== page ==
Two University of California students, who were hired to work as counselors for a summer camp for UCLA alumni, are now suing Bruin Camp after they were allegedly subjected to violent hazing and abuse.
Samea Derrick, 19, and Lydia Dixon, 20, were two of some 53 UCLA student counselors, including about 30 new counselors and 20 returning counselors, hired to work at Bruin Woods over the summer, but they left after a week of what they describe as “intolerable living conditions” and abuse disguised as decades-old traditions.
“We know there are more victims, but many fear speaking out or turning against other staffers because of a pervasive culture of secrecy,” Scott Carr, an attorney for the plaintiffs with the Los Angeles Law firm Greene Broillet & Wheeler, LLP, told Fox News Digital in a statement. “We’ve filed this lawsuit to expose the dangerous and damaging behavior at Bruin Woods and to hold the UC Regents accountable for allowing it to fester for decades.”
UCLA said in a statement that “sexual violence, sexual harrassment and hazing of any kind is reprehensible and intolerable.”
“When we learned of the alleged incidents earlier this year, they were referred to our Title IX Office and are being handled according to university policies and procedures,” the school said. “We’re not able to comment further on the details of these matters because we want to protect the privacy of those involved. Our top priority is the well-being of our students, staff and families, and we have robust policies in place to review all claims of misconduct.”
Bruin Woods was founded in 1985 as a retreat for UCLA alumni and their families and hires about 50 current UCLA students each year to work as boat drivers, lifeguards, age group counselors, outdoor activities instructors, arts and crafts instructors and so on.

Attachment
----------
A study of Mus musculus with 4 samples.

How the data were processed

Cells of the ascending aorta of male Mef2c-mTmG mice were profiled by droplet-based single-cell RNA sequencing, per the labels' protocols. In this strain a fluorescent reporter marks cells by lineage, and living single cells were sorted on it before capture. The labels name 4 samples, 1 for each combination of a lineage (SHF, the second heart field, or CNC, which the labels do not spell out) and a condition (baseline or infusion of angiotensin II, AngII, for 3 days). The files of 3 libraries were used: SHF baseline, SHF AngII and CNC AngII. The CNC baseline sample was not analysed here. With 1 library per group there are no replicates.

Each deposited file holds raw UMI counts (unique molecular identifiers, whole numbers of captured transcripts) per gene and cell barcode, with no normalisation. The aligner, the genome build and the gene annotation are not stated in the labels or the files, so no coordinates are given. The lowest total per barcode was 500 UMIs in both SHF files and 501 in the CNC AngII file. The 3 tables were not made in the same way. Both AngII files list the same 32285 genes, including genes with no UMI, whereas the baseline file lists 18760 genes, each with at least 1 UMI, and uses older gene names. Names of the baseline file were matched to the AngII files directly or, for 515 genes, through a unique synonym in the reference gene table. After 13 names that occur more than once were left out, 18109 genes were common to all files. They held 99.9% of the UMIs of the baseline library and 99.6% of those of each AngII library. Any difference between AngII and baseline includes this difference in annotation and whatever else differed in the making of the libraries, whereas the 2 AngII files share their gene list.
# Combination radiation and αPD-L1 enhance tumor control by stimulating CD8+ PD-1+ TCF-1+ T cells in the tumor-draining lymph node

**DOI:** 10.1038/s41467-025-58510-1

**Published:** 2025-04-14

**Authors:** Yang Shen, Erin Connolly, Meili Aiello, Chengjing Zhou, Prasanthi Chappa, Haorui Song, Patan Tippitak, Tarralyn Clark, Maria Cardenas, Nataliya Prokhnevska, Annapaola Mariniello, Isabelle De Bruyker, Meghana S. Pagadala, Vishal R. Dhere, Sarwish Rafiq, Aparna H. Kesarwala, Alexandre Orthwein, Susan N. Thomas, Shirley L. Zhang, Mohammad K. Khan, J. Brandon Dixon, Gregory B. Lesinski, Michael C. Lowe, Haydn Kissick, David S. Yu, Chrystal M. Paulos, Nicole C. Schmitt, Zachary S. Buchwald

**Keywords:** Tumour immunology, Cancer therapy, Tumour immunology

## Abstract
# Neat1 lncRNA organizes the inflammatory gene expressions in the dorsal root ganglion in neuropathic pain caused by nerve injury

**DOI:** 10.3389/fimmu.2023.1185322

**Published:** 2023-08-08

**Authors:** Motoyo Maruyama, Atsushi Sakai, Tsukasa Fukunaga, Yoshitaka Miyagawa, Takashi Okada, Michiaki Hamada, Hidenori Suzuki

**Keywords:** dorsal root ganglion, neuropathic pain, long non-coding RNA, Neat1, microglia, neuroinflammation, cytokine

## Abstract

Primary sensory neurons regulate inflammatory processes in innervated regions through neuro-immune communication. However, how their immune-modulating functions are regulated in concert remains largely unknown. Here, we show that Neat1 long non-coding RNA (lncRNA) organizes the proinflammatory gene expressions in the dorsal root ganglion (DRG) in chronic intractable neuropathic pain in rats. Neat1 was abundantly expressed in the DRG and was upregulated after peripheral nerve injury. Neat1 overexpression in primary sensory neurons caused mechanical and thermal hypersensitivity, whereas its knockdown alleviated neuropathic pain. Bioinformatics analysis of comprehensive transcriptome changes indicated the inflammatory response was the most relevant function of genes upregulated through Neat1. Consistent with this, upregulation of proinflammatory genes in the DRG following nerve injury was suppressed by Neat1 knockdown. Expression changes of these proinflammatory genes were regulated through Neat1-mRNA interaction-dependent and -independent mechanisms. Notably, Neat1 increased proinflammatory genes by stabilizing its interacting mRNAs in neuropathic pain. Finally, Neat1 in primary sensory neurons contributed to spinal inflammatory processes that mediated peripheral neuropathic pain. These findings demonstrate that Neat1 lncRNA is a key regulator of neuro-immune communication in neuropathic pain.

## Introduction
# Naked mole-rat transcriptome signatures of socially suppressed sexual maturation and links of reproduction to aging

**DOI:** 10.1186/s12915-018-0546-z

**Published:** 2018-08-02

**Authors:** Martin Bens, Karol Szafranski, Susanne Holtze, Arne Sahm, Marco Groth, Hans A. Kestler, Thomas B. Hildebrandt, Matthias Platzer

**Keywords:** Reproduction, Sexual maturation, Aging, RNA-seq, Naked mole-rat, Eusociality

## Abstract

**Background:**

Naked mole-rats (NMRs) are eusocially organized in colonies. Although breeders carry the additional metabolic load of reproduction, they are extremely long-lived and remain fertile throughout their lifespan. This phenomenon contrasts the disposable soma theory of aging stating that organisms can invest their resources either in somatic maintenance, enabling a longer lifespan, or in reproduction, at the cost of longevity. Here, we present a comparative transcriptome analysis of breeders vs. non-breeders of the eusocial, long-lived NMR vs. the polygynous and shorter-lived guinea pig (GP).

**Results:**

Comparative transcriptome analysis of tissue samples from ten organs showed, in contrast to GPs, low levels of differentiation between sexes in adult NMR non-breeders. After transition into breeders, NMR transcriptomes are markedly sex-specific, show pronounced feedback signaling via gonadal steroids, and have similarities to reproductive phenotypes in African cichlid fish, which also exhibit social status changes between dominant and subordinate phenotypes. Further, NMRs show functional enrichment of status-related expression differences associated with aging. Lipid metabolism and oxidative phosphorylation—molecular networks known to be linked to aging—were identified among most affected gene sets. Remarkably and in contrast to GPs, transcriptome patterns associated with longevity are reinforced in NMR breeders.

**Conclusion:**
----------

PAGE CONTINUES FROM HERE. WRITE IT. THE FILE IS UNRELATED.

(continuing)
The jobs are “highly coveted” because they present an “opportunity to develop alumni relationships that can lead to future success,” the lawsuit states.
And while traditions like skinny-dipping have been around for a long time, Derrick and Dixon say they were subjected to much worse, including sleep depravation, food deprivation, inability to lock residence doors, forced isolation and restricted cell phone use, insufficient breaks, dehydration, harassment and intimidation.
“Further, as part of their employment, Plaintiffs and other new hires were forced to participate in various BRUIN WOODS ‘Traditions’ that involved physical, mental, emotional, and sexual abuse that amounted to hazing,” the lawsuit states.
Traditions included “coercive alcohol consumption,” “physical abuse and sensory deprivation,” “forced nudity,” “threats,” and “sexual abuse.”
In one instance, while driving up to the camp, new counselors were forced to drink alcohol before they were driven up winding roads and encouraged not to throw up.
On a different evening, Dixon lost consciousness from drinking too much alcohol, and a male counselor sexually assaulted her while she was asleep, the two women told the Los Angeles Times. The plaintiffs allege that “forced nudity was a recurring experience in the first week of official employment.”
A packing list for new counselors includes fake identification for those under 21 years old, condoms and birth control, according to the lawsuit.
In another example of abuse, plaintiffs were forced to walk into a warehouse on the campground without shoes and with pillowcases over their heads. They then had to hold their arms up until they lost circulation, the lawsuit states.
Lastly, plaintiffs say they were not allowed to contact friends or family. They left after one week of the 11-week program, according to the complaint.
Dixon and Derrick are seeking $50,000 in damages for the physical and emotional harm they say they endured due to the camp’s alleged negligence, hazing, gender violence, assault, battery, intentional infliction of emotional distress, and violations of the Bane Act and Ralph Act.